Jane's Walk in East York documents community's long history with service and sacrifice

Bill Lewis is well aware how enthusiastic he gets when the topic turns to the history of his beloved East York.

But the 89-year-old can’t help himself.

“I get really excited,” he said, his eyes bright.

The East York Historical Society member was one of about a dozen participants who braved the rain Sunday, May 8 for Jane’s Walk Victory on the Home Front: East York and WWII – which happened to fall on Victory in Europe (V-E) Day.

It was 71 years ago when Nazi Germany was defeated on May 8, 1945, ending the Second World War.

Lead by Evan McMurtry, a historical interpreter at Todmorden Mills Heritage Site, the 2.5 kilometre walk highlighted East York’s wartime experiences, support, and commemorations during the Second World War.

The first stop on the 90 minute walk was at William Burgess Elementary School, which opened in 1915. McMurtry noted patriotism was instilled in the students, adding the school’s cadet corps was lead by First World War veterans from the 80th Veterans Guard Cadet Corps.

Lewis, who jumped in with tales of growing up in East York when the group would pause at various sites, said he knew of 10 young men who never made it home from war.

“I walked into class and the teacher was in tears,” he said, adding someone the neighbourhood knew well had died.

Near Donlands and Torrens avenue, McMurtry pointed out Pie in the Sky Studios, the site of the former Donlands Theatre.

“They would show good patriotic movies during the war,” he said.

Close to Cosburn and Greenwood avenues, McMurtry noted quite a bit of East York land was settled by veterans, who were able to purchase homes without heavy interest during the war.

The walk paused at Dieppe Park on Cosburn Avenue, where McMurtry noted a plaque by the City of Toronto, which read:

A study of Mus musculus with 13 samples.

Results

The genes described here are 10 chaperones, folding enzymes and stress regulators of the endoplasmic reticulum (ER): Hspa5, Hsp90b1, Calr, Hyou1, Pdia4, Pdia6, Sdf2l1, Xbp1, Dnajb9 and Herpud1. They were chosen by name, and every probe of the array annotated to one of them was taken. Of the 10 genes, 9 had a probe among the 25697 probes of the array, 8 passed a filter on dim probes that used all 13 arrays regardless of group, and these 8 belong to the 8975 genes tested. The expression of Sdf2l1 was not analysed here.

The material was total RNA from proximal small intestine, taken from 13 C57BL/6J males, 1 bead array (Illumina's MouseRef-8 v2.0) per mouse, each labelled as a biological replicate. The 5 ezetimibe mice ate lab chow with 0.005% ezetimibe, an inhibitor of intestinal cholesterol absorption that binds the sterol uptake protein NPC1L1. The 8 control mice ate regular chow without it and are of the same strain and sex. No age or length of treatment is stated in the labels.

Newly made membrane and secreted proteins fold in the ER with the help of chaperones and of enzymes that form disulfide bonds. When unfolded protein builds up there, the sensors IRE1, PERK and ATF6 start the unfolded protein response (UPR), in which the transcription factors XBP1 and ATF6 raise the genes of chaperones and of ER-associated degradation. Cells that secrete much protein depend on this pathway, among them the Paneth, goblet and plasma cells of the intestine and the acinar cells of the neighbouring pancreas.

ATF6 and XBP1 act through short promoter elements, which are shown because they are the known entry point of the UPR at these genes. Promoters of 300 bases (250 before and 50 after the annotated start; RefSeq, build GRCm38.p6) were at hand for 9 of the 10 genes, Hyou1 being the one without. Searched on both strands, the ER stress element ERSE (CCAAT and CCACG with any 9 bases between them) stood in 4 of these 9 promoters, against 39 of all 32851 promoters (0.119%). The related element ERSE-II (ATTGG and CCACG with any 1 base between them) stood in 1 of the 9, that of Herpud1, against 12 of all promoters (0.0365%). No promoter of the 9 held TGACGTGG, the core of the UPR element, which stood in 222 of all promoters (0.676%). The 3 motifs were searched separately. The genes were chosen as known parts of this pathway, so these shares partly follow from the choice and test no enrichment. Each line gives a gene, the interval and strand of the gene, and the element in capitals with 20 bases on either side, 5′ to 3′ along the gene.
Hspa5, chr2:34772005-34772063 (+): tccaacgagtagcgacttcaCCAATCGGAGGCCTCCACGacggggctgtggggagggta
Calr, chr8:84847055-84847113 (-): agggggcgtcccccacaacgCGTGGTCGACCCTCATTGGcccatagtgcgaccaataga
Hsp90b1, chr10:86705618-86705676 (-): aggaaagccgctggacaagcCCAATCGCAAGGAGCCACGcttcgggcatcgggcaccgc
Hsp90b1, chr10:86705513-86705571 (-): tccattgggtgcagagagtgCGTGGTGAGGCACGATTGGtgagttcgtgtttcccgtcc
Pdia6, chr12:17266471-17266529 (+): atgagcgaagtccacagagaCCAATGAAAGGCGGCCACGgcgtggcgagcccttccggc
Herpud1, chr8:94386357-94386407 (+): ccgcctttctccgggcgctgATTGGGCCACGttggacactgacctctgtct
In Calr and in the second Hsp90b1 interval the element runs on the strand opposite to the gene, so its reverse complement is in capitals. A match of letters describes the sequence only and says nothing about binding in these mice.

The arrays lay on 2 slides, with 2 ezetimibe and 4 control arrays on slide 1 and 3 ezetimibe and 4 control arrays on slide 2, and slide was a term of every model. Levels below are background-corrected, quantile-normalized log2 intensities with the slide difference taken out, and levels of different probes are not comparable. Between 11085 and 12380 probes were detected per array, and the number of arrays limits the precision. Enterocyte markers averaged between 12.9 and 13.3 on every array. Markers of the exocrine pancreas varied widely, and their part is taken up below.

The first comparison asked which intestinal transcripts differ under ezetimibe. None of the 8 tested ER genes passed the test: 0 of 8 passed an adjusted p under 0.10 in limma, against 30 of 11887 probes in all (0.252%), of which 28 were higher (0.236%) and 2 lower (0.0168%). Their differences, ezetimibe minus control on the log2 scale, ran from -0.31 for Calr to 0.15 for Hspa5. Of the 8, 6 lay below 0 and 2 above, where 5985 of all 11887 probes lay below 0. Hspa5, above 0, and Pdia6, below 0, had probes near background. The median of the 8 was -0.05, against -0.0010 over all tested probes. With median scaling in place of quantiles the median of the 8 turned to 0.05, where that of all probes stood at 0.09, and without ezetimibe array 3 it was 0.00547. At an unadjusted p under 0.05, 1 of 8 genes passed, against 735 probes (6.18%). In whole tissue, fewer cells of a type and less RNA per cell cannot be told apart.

On August 19, 1942, six thousand allied troops embarked on 250 vessels from southern England on a daylight raid on the German occupied French resort town of Dieppe. Almost 5000 of these soldiers were young Canadian men.

Of the Canadians who embarked on the raid, almost 4000 were killed, wounded or taken prisoner.

Of the 1000 soldiers who returned to England, 600 of them were wounded.

On Jan. 11, 1943, East York Township Council renamed this site Dieppe Park. This plaque is a permanent memorial to honour the brave soldiers who fought and died for our country.

The final stop of the walk was near R.H. McGregor Elementary School, which was designated as an emergency hospital during the Second World War, McMurtry said, adding one classroom was used as a morgue.

The school also had a roll of honour – a record of students killed in action.

“I hope people took away my method of looking at traces of the (historic) city that are still here in the urban fabric,” McMurtry said. “It’s like when you look at a house that’s old and wonder who lives there.”

Jane’s Walks, which were held in Toronto Friday to Sunday, are free, locally organized walking tours, in which people get together to explore, talk about and celebrate their neighbourhoods.

The walks were held in honour of the late Jane Jacobs, an urbanist and activist who championed a community-based approach to city building.